Deloitte’s 2016 Global Human Capital Trends report boldly advises HR to adopt design thinking, placing the employee experience at the center.
With an intended goal of simplifying the complex, design thinking is a way of thinking and working as well as a collection of hands-on methods. Design thinking is empathetic and iterative — two key traits needed for any learning and development initiative.
The approach consists of five phases or steps:
According to the Deloitte study, two-thirds of companies now believe complexity is an obstacle to business success and a barrier to growth in productivity. The numbers demonstrate this: 79 percent of respondents to the survey rated design thinking an important or very important issue.
Design thinking moves HR’s focus beyond building programs and processes to a new goal: designing a productive and meaningful employee experience through solutions that are compelling, enjoyable, and — perhaps most importantly — simple.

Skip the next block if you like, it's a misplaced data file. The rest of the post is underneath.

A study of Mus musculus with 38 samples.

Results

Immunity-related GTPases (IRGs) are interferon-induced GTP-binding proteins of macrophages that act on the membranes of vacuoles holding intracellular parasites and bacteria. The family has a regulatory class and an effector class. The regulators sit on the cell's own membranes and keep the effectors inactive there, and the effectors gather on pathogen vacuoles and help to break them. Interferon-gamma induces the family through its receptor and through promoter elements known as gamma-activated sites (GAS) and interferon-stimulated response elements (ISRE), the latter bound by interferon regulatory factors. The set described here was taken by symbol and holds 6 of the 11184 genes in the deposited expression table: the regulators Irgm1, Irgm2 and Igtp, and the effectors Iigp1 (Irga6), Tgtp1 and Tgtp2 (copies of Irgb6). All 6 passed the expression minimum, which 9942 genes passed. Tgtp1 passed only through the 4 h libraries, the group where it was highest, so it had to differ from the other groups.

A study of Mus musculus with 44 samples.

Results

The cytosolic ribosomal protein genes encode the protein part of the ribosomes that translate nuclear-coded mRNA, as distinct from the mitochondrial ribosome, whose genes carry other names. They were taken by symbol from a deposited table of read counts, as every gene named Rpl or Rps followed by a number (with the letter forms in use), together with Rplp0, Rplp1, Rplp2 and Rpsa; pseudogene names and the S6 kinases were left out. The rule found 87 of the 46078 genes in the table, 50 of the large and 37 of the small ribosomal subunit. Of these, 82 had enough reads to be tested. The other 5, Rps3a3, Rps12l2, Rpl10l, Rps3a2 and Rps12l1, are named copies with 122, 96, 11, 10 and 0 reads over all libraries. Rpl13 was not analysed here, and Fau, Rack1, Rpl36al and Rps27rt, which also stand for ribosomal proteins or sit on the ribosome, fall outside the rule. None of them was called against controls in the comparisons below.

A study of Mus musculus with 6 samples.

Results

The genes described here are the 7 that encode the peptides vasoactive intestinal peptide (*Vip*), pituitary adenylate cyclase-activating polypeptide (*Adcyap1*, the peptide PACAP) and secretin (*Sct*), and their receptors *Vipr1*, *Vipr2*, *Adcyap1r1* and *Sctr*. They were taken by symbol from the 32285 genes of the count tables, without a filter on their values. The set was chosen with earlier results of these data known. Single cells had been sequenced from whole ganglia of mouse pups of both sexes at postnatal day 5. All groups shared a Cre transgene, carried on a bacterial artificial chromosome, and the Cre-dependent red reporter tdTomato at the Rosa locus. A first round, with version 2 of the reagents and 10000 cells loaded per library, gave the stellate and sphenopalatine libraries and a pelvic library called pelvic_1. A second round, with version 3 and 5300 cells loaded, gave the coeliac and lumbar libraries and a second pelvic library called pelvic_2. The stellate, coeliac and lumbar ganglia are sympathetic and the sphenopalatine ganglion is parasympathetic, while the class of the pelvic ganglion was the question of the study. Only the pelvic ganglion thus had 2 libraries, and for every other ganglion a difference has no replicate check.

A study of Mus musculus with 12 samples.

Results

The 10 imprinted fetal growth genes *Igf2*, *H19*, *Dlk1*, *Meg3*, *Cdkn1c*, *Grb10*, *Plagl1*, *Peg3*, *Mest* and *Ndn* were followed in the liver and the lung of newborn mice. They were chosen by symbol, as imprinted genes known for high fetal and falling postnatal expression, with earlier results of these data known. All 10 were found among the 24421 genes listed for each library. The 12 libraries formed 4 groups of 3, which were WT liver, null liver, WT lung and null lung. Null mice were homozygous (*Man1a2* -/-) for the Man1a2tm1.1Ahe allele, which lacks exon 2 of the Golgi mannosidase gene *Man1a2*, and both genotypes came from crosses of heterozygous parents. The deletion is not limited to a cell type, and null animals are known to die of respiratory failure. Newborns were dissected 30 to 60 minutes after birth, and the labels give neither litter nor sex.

Indeed, HR and L&D professionals can move from serving as a “process developer” to an “experience architect.” Design thinking empowers such professionals to reimagine every aspect of work: the physical environment; how people meet and interact; how managers spend their time; and how organizations select, train, engage and evaluate their employees.
Travis Jordan, founder and CEO of Instructional Design Central, points out that organizations have long been focusing on the experience of their customers — the now, often-used expression “customer experience” — but now need to start thinking about the experience that they deliver their learners, who themselves can be considered an organization’s internal customers.
As such, there is now a trend of “LX,” or learning experience, based on the principles of customer experience and even user experience, which has become a model and generally accepted practice in design and product management disciplines.
The U.S. Department of Health and Human Services even publishes information about the importance of user experience, on its website Usability.gov.
“What’s driving LX design is the experience of the user — what’s happening positively and what’s happening negatively as they experience content,” notes Jordan in a recent webinar co-presented with Synapse.
Jordan’s advice fits in well with the Empathize phase of design thinking: “Watch them, study them, learn about them, interview them, observe them — that’s one of the best ways to understand how we can give them the right experience.”